Janus Goes Global to Find Values, but You Don't Have to Come Along
Ill Communications: Telecom Fund Survivors
Don't Give Up on Mutual Funds
How to Build a Diversified Fund Portfolio
Beware the New Wave of Value Funds
The Big Screen: Tech Funds
The Big Screen: Bond Funds
Lessons From the Fall: A Special Fund Junkie Report
When you picture computer-chip factories gone dark and programmers scribbling code on paper by candlelight in Silicon Valley, it's easy to see why utilities funds might be worth a look. So, let's look at them.
Historically known as the domain of sleepy, dividend-paying power shops held by skittish "widows and orphans," utilities funds have quietly changed quite a bit. Given the enticing opportunities among telecom shops building out the Internet and offering Net access to their phone-service customers, the average utilities fund only has about 55% of its money in "utilities," according to
. The rest is spread among telecom, energy and tech shares.
Despite their sometimes racier style, however, they can still offer investors a safe port when highfliers tumble. In 2000, for instance, the average utilities fund gained 7.3%, compared to a 9.1% loss for the
and a nearly 40% fall for the tech-laden
Though these funds are down more than 7% over the past 12 months, on average, that's still less than half the S&P 500's loss, according to Morningstar. The category tops the S&P 500 over the past three years and looks pretty competitive over the past five- and 10-year stretches, too.
Adding a utilities fund to a
diversified portfolio can both boost returns and reduce risk. Consider that adding a 10% allocation to the
Vanguard 500 Index fund would lead to higher returns over the past one- and five-year periods. The added utilities exposure also lowers the portfolio's worst one-year loss and drops its beta, a measure of a portfolio's volatility vs. the S&P 500.
Though there are 36 utilities funds out there, choosing one isn't easy. In 1999 those with the highest performance topped the charts by loading up on frothy tech and telecom shares, but those same funds have ridden their faves down ever since. Consider the
Lindner Utility fund, which rang up a category-leading 60.5% gain in 1999, but is down more than 40% over the past 12 months.
To find steadier fare, we sifted the category for those funds that beat their average peer over the past one- and three-year periods with the same manager at the helm. We then yanked out any fund with annual expenses north of the category's 1.44% average. That left us with four survivors. Let's check them out and then look at a pair of solid funds that slipped through our net.
At the top of our list you'll find one of the best fund names and tickers out there: the
American Gas Index fund --ticker GASFX. The no-load fund tracks the
American Gas Association Index
, a basket of 82 companies in the natural-gas business. Thanks to high natural-gas prices, the fund has performed well in recent years and beats its average peer over the past one-, three-, five- and 10-year periods.
But for most investors, the fund's narrow focus probably makes it a must-miss. Consider that it can be far out of favor just as easily as it can be in the sector's sweet spot. The fund trailed at least 70% of its peers in 1997, 1998 and 1999.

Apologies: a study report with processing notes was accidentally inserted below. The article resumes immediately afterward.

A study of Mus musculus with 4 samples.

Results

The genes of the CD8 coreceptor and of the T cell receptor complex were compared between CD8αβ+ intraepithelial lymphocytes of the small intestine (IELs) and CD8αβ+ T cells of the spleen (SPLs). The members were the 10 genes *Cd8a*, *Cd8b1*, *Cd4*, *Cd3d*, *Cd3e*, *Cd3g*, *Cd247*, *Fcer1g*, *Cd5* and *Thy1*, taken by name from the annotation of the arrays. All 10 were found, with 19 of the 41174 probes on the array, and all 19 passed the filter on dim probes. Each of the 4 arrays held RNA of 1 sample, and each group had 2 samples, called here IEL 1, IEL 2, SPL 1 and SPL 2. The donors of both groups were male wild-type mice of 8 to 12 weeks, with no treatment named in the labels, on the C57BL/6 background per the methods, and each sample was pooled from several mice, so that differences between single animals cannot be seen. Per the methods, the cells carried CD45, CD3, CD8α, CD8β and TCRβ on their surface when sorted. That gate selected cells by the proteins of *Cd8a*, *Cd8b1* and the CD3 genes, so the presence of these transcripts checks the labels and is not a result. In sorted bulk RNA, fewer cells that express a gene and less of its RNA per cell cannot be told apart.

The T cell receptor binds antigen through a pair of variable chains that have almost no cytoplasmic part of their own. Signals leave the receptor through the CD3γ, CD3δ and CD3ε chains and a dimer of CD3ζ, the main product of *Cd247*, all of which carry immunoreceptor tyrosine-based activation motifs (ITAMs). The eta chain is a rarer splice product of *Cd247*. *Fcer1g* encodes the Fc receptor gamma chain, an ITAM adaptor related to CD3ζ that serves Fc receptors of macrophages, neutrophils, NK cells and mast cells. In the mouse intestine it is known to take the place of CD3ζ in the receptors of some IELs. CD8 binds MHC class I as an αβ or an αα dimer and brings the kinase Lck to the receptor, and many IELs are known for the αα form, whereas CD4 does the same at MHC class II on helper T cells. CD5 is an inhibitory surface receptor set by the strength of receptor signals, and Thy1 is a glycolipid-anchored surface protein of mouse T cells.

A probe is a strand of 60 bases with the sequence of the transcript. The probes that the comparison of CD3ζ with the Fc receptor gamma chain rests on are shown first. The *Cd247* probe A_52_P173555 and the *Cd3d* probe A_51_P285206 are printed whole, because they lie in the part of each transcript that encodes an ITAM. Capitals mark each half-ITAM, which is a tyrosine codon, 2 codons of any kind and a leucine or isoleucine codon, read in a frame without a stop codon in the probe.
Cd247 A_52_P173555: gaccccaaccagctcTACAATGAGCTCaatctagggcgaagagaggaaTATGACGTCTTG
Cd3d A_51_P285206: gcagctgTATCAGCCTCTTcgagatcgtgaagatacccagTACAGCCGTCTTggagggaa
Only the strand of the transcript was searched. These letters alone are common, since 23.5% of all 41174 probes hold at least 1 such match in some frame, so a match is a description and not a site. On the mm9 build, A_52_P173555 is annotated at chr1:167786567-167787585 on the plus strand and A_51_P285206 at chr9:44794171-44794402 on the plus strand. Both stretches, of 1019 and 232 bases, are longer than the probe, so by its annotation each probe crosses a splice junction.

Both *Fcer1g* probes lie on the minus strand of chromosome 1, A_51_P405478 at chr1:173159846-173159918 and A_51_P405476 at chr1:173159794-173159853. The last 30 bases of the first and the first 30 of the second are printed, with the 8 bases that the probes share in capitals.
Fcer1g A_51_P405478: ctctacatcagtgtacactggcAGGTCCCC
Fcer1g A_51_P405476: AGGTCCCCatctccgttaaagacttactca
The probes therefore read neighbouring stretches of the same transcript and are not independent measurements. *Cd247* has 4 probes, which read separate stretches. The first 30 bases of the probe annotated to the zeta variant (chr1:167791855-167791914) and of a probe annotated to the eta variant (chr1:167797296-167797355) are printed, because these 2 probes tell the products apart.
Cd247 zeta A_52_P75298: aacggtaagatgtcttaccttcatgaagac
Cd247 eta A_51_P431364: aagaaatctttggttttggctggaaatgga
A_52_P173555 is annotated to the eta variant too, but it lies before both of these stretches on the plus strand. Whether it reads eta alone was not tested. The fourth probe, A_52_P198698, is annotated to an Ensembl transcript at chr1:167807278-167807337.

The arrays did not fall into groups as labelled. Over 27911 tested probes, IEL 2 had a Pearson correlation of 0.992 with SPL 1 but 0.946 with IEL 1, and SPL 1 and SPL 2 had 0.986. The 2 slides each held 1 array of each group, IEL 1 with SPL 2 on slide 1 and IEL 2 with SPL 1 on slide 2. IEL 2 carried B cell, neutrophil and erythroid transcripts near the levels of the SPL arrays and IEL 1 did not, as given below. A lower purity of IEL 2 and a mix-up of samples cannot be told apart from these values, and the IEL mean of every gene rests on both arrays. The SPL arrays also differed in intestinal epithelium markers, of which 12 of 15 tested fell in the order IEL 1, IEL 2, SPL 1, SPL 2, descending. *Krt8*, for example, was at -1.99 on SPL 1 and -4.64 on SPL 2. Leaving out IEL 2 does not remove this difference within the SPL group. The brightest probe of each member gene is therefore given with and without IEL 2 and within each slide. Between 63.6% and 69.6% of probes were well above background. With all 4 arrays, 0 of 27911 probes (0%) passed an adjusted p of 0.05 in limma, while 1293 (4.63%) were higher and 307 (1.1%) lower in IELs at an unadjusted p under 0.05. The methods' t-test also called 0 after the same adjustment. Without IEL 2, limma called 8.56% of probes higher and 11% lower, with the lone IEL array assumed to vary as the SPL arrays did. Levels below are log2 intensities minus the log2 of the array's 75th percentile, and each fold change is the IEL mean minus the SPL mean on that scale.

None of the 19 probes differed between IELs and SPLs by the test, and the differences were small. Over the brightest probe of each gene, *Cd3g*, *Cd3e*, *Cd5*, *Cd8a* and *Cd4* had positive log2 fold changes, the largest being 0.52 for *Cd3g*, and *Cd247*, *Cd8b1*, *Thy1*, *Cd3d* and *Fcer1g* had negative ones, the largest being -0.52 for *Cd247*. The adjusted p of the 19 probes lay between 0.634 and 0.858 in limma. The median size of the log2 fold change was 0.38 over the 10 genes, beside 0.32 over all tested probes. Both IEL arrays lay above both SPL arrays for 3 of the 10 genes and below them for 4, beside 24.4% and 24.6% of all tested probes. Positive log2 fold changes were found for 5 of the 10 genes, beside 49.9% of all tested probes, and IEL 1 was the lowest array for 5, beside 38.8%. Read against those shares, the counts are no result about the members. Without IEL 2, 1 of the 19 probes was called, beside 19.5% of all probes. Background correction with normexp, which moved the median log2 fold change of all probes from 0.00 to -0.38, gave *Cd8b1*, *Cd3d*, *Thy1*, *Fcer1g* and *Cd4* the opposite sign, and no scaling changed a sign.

Strong American Utilities fund might be a good fit for conservative investors. The fund's long-tenured management team at utilities specialist
focuses on companies with cheap valuations that have consistently raised their dividend payments. As you might imagine, that style leads to a portfolio laden with gas and electric company shares. The fund typically steers clear of telecom shops and that's helped the fund top at least 80% of its peers over the past one-, three- and five-year periods.
If you're looking for a more diversified portfolio that includes telecom shares, you might consider the broker-sold
AXP Utilities Income and
Merrill Lynch Utilities & Telecommunications funds. Bern Fleming, manager of the AXP fund since 1995, and Walter Rogers, manager of the Merrill fund since its 1990, both spread their funds' money broadly around the sector. Despite exposure to the currently sick telecom industry, both have topped their peers over the past one-, three- and five-year periods.
In addition to these funds, you might want to check out a couple of other funds that offer broad access to the sector: The
MFS Utilities fund and the
Prudential Utilities fund.
Maura Shaughnessy has run the broker-sold MFS fund since its 1992 inception, spreading her fund's assets among gas, electric, telecom and water utilities shares. The fund's 17.9% five-year annualized gain tops all utilities funds and the fund only missed our cut because its 10.8% loss over the last 12 months lags its average peer. While this might give you pause, Shaughnessy's sterling long-term record merits attention.
It appears the Prudential Utilities fund, skippered by lead manager David Kiefer since 1994, deserves a look too. Without making outsize bets on a single subsector or company, Kiefer has kept the fund ahead of at least 80% of its peers over the past one-, three- and five-year periods. Why didn't it make our list? Two co-managers, Eric Philo and Shaun Hong, joined Kiefer at the helm last year, resetting the fund's management tenure in Morningstar.com's database.
If you see dimming lights and rising power prices as an opportunity, those are some funds that are positioned to profit.
Fund Junkie runs every Monday and Wednesday, as well as occasional dispatches. Ian McDonald writes daily for TheStreet.com. In keeping with TSC's editorial policy, he doesn't own or short individual stocks. He also doesn't invest in hedge funds or other private investment partnerships. He invites you to send your feedback to
email@example.com, but he cannot give specific financial advice.